Brutal Killing of Settler in Ariel Infuriates Jews Living in West Bank


Dozens of them demonstrated Monday outside the Prime Minister’s Office, demanding tougher measures to suppress the Palestinian uprising.

The victim, Steven Rosenfeld, 48, formerly of Washington, D.C., was a computer expert. He rented an apartment in Ariel and enjoyed hiking in the vicinity each Saturday.

He was found stabbed to death Sunday evening in a deserted area between the Arab villages of Burkin and Salfit. The Arab residents of the area who found the body notified the Israel Defense Force.

An empty holster and a pair of binoculars were found on the body. Rosenfeld was armed, and it is assumed his assailant snatched his pistol.

Security forces clamped curfews on both villages, sealed off the area and commenced a manhunt. They arrested 30 suspects, but the search for the killer continued Monday.

As soon as news of the murder spread, hundreds of Jewish settlers in the territory formed motorcades and drove into Israel proper.

They demonstrated at the Morasha intersection, outside Tel Aviv, and at the Tel Aviv residence of Defense Minister Yitzhak Rabin.


Industry and Trade Minister Ariel Sharon took up the settlers’ grievances, apparently intending to use them as a weapon against the peace plan advanced by Prime Minister Yitzhak Shamir.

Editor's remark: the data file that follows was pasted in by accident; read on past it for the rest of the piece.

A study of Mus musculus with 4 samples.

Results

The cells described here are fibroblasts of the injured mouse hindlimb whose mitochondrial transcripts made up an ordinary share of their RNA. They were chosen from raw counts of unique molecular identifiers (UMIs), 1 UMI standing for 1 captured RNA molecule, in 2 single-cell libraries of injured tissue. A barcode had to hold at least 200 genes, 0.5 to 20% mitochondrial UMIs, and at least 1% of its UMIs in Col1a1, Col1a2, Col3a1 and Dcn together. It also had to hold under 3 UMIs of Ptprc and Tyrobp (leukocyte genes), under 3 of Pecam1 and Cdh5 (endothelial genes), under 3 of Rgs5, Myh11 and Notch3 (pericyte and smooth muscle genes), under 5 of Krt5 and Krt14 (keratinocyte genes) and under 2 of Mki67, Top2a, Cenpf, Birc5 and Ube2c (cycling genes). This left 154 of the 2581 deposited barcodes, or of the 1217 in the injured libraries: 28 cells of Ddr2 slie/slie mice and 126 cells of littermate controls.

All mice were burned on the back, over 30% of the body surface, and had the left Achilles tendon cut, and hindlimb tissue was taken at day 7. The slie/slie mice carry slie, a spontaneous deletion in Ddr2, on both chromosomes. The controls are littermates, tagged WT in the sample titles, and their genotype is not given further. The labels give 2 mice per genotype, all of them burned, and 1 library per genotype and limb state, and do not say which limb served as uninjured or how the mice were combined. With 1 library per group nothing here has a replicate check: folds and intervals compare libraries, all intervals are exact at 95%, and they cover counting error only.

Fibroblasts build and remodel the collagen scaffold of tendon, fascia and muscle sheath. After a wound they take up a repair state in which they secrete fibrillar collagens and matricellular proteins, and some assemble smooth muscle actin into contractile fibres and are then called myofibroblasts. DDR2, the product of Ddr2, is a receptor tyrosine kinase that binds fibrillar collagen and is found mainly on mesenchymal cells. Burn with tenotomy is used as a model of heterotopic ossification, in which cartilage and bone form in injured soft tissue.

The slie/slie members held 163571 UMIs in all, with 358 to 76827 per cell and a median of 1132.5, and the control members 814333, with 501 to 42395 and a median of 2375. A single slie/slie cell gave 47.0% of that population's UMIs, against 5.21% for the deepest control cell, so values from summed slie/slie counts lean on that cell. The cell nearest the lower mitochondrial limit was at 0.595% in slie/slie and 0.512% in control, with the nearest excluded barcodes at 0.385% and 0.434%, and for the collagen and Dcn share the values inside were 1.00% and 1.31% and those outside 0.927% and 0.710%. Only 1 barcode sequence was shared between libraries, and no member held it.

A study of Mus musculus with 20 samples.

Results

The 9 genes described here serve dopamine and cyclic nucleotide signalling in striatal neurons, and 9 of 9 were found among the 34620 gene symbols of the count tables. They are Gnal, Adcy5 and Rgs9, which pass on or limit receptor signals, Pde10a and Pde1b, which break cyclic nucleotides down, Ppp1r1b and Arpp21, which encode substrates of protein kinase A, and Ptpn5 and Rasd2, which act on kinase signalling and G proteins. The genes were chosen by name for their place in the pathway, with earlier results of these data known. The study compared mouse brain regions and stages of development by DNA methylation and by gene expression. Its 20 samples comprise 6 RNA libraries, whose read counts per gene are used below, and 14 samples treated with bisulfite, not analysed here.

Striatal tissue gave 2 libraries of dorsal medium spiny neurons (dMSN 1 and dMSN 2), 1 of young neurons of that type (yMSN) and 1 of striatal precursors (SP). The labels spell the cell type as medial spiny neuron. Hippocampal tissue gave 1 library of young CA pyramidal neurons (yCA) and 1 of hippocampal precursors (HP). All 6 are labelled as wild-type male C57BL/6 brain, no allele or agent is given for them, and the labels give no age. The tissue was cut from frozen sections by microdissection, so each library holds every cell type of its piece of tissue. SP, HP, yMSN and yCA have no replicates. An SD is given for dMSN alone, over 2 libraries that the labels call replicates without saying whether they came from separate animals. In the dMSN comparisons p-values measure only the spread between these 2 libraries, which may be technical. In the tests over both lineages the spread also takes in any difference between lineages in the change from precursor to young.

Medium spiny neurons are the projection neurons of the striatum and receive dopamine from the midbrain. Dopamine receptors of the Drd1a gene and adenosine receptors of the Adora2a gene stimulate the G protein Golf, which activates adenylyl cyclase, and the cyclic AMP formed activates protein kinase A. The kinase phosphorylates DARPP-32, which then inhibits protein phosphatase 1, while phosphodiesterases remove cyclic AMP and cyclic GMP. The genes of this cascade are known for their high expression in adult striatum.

He said Rosenfeld’s murder was further proof that peace initiatives had to wait until the Palestinian uprising is crushed.

The Council of Jewish Settlements met Monday to discuss the situation. Its secretary, Uri Ariel, railed against the government, the justice minister and the attorney general for being soft on Palestinian troublemakers.

He charged that the government failed to bring leaders of the uprising to trial, although there was allegedly ample evidence.

Ariel was referring apparently to Dr. Sari Nusscibeh, a Palestinian writer and philosopher accused by the Israeli authorities last week of association with the Palestine Liberation Organization.

His East Jerusalem press office was ordered closed for two years. But no action was taken against Nusscibeh, whom many Israelis consider to be a moderate.

The National Religious Party’s Knesset faction insisted the best answer to Palestinian violence is to accelerate the construction of the planned settlement of Bruchin, near the scene of the crime.

Rosenfeld will be buried Tuesday. Prime Minister Shamir will attend the funeral.

The victim was born in the Bronx, but lived most of his life in Washington. He has a brother, William Rosenfeld, who lives in Dover, Del.